Marais restaurant Carbón, like successful film scripts, fits into a neat elevator pitch: a stylish, high-end restaurant with a focus on wood-fire cooking featuring a basement cocktail bar (a mini-Extabari, for the fashion set). In a comic twist of fate – indeed, like something out of the aforementioned film script – the flame-themed restaurant caught fire in October 2018 and was forced to close for 11 months.
Carbón reemerged, phoenix-like, in late September 2019 with a new French chef, Thibault Marlin, overseeing the beechwood logs. Visitors expecting a pagan, paleo, or beach-barbecue vibe will be disappointed: the famous cooking fire is rather small and is safely incorporated into the enclosed kitchen, only partially visible through a pane of glass. With its high ceilings, exposed stone walls, and fulsome hanging plants, the restaurant exudes a very contemporary chic, familiar from spas and interior design stores in most capital cities. In the restaurant’s rear, facing the kitchen window, glitters a small cocktail bar, a sort of prelude to the full cocktail lounge below, La Mina. Lining the stairwell are colorful bottles from the restaurant’s natural wine list, which favors selections from outside France.
In such surroundings, savoring what Carbón’s website calls “the products of land & sea in their extreme nudity” prepared using “the most ancestral cooking technique in the world” might feel a tad absurd, but what Carbón’s pricey, fashionable menu of shared plates actually offers is in keeping with the décor. The duck ravioli in a broth of ramen-like intensity was on-trend, though the ravioli themselves were not quite numerous enough, especially at 22€ for the pair. (In the past year, Paris chefs, almost in unison, seem to have discovered the joys of house-made ravioli, and in most cases, the price of the resulting rather sparse dishes seems to factor in the labor of ravioli-making at a conspicuously high rate.) Fire appeared in an ecologically unsound plate of tuna tartare in a cold broth of flamed seaweed, which ably brought out the sweetness of the fish while remaining almost bitter on its own.
Carbón’s schtick as a whole truly shines in the main courses. Sweetbreads were seared to delicate, fleshy perfection and enhanced with a miso sauce that elegantly recalled wan Chinese-restaurant mustard. It is advisable to ask probing questions about portion sizes at Carbón, as they vary wildly: Billed as sufficient for two, the sweetbreads were the size of a solo portion across town at Amarante.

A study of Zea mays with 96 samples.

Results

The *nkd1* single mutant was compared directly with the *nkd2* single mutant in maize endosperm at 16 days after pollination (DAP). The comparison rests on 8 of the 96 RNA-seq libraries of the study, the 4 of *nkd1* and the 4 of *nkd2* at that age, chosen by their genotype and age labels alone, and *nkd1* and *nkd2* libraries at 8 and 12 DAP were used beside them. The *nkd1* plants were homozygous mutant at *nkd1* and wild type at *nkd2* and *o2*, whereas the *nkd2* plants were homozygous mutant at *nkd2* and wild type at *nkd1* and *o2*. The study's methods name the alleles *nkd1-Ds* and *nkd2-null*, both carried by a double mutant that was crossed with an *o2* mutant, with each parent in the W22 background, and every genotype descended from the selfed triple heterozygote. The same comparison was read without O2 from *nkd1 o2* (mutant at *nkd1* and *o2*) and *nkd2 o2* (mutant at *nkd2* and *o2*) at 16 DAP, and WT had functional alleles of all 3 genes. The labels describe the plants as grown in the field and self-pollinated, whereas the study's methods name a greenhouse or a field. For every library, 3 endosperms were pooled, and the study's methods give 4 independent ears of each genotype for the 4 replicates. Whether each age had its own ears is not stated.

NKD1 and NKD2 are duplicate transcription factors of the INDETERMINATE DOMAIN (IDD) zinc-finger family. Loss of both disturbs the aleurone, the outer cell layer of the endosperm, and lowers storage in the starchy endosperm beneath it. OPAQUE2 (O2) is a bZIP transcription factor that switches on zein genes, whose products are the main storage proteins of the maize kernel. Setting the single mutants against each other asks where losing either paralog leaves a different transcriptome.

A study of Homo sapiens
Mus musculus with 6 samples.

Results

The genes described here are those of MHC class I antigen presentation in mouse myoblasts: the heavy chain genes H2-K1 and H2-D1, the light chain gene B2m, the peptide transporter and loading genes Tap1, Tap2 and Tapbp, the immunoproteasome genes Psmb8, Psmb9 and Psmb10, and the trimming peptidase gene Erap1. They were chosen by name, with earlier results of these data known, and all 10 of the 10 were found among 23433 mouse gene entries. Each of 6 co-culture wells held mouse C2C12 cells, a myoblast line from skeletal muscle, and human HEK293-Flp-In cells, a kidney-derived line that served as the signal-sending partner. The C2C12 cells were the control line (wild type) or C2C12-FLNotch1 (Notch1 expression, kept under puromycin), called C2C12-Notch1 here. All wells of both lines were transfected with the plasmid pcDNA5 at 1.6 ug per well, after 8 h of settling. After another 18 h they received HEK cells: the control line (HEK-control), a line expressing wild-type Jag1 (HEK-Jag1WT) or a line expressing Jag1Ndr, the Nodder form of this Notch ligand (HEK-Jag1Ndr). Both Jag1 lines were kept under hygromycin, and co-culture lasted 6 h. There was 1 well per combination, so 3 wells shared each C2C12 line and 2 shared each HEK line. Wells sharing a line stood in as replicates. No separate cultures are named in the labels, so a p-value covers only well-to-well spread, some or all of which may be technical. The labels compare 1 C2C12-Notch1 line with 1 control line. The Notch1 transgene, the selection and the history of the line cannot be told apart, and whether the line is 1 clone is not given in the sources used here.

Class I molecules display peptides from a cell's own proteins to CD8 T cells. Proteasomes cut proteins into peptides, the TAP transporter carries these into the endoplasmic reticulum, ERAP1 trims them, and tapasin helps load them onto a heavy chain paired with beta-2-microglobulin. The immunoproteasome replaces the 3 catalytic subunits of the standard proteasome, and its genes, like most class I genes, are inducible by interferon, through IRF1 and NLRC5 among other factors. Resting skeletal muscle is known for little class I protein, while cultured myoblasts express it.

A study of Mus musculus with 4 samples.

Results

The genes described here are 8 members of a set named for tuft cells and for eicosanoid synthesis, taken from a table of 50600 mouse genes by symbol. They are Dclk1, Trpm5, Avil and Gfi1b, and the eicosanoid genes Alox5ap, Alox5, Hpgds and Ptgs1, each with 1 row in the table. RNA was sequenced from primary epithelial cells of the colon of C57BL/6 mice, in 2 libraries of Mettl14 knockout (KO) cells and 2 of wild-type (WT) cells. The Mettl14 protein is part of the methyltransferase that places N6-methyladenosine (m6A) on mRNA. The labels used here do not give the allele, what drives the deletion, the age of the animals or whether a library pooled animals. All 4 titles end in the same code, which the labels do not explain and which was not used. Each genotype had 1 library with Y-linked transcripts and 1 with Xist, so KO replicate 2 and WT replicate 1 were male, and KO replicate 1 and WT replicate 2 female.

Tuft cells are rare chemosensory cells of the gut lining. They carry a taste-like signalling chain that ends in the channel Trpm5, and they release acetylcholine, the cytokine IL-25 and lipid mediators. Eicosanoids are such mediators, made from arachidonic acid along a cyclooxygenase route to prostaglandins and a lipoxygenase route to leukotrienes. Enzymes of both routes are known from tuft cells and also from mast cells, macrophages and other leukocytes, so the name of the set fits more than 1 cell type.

There’s the rub, as it were, to this otherwise immaculately executed luxury grill, the project of Sabrina Goldin and Stéphane Abby (known for miniscule Canal Saint-Martin empanadas joint The Asado Club). Carbón offers none of the abundance or finger-licking informality one might associate with wood-fired grilling, making it, conceptually, the restaurant equivalent of a Range Rover, or a Gucci trucker hat. Better to ignore the concept and appreciate Carbón for what it is: an ambitious, competent, polyvalent dining experience, which is a rare thing in Paris, at any price.
Carbón in Pictures
In Other Words
52 Martinis (2018) says “all the cool kids know about Carbón,” praising the work of the mixologists behind the restaurant’s cocktails.
Do It In Paris (2017) says Carbón boasts “a wildly glam and trendy atmosphere that appeals to the fashion world as well as certain figures of the Paris musical scene.”
L’Express Styles (2017) François Régis-Gaudry found the beef a bit tough but appreciated the “crackling skin” and “melting flesh” of the game hen at Carbón.